Spotify has 20 million paying subscribers, but only a percentage are paying $9.99. And, 55 million are paying $0 a month. “Organic subscription growth… is not growing fast enough,” declared MiDIA analyst Mark Mulligan asserted in a recent research note, while pointing to Spotify’s cut-rate pricing surge as an exception.
So why aren’t those numbers better?
Mulligan feels that a big part of the problem is that the average consumer simply doesn’t care about enormous selections and vast catalogs, and they’re definitely not willing to pay for it. “Most people aren’t interested in all the music in the world and most people aren’t interested in spending $9.99 (or the local market equivalent) a month for music,” Mulligan continued.
“Indeed, just 5% of streaming catalogues is regularly frequented. Most of the rest is irrelevant for most consumers.”
Mulligan strongly suggests dropping the price to widen the appeal of streaming, a move the industry has staunchly resisted. But the returns could be simply enormous for smaller-sized, niche-focused services. “Imagine genre specific playlist apps for $3 or $4 month,” Mulligan proposed. “A dozen curated playlists, a handful of featured albums and a couple of radio stations, all just of your favorite style of music and all streamed into a dedicated app.”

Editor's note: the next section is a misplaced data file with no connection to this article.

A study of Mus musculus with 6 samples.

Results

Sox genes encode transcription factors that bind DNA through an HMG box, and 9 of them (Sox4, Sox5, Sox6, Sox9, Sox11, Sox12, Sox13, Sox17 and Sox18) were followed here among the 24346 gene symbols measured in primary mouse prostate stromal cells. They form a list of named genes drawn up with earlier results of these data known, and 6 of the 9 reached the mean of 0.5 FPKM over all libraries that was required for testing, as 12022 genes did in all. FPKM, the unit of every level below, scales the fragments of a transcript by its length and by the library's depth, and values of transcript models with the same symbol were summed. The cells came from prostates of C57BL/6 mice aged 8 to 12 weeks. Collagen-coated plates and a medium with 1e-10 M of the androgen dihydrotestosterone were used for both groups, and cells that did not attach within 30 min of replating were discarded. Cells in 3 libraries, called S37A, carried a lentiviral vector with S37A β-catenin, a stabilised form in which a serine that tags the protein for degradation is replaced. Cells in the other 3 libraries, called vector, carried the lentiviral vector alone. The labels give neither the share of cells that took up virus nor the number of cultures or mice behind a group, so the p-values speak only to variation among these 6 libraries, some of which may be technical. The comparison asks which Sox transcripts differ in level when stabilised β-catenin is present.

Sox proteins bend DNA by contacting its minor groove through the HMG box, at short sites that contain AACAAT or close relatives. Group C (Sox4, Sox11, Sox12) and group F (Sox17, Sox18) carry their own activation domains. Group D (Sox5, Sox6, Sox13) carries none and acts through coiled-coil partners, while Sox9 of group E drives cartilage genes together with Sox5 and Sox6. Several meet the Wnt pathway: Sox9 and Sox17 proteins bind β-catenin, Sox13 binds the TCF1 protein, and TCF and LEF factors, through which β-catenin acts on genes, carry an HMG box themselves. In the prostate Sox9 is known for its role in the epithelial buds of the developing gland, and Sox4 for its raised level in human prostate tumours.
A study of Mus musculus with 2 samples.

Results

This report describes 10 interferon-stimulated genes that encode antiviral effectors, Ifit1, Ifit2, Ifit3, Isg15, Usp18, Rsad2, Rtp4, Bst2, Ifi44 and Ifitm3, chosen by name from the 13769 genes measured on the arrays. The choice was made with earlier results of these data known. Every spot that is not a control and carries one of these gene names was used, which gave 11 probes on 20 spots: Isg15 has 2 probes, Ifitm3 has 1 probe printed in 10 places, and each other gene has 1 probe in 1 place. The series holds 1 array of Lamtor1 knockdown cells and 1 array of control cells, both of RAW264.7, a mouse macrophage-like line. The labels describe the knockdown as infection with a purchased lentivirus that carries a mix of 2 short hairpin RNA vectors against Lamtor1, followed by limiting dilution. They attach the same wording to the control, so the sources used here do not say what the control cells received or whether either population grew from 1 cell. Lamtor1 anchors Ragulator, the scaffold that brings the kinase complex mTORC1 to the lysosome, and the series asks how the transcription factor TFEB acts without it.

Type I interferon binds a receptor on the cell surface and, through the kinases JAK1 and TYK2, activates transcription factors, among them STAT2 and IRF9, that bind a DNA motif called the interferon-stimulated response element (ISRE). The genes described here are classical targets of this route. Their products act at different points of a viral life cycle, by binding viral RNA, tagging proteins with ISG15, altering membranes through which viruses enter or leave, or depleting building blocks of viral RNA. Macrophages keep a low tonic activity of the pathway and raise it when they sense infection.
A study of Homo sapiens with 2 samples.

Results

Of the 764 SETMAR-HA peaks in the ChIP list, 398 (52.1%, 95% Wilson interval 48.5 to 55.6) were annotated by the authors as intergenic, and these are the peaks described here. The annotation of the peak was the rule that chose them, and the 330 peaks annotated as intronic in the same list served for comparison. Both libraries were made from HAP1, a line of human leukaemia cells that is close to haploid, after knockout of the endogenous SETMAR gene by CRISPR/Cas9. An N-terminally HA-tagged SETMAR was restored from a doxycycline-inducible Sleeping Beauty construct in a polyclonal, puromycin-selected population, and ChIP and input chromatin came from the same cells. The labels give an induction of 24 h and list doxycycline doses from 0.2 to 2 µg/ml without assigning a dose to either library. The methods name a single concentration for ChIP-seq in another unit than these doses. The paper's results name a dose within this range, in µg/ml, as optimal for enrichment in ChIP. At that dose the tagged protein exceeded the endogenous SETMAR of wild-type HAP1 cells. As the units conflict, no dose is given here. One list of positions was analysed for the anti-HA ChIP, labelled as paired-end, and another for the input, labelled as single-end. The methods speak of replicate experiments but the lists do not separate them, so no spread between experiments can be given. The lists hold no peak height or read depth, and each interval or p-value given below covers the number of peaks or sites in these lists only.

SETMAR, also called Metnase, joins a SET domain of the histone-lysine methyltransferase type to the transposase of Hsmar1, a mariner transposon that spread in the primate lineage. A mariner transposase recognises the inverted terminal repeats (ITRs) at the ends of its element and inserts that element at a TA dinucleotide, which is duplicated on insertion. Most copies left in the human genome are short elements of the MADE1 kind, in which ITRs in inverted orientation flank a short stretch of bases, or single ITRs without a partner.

There’s actually research suggesting that existing subscribers are willing to pay more for streaming, but that doesn’t address the hundreds of millions that are paying $0 a month. Would they pay for something simpler? “Niche services are not a nice-to-have, optional extra for the industry,” Mulligan insisted. “They will be crucial to unlocking the scale end of the subscription market and they will be needed sooner rather than later.”
Enter Apple Music, which may only steal good, paying users from rival services but do little to expand the market. “Apple Music looks set to add a significant amount of new users before year-end but many of those will come at the direct expense of the incumbents,” Mulligan noted.
“All the while YouTube is leaving everyone else for dust: the amount of net new video streams (i.e. free YouTube views) in H1 2015 was more than double that of net new audio streams.”
Top image from MiDIA; buffet image by Iwan Gabovitch, licensed under Creative Commons Attribution 2.0 Generic (CC by 2.0). Written while listening to Ravel.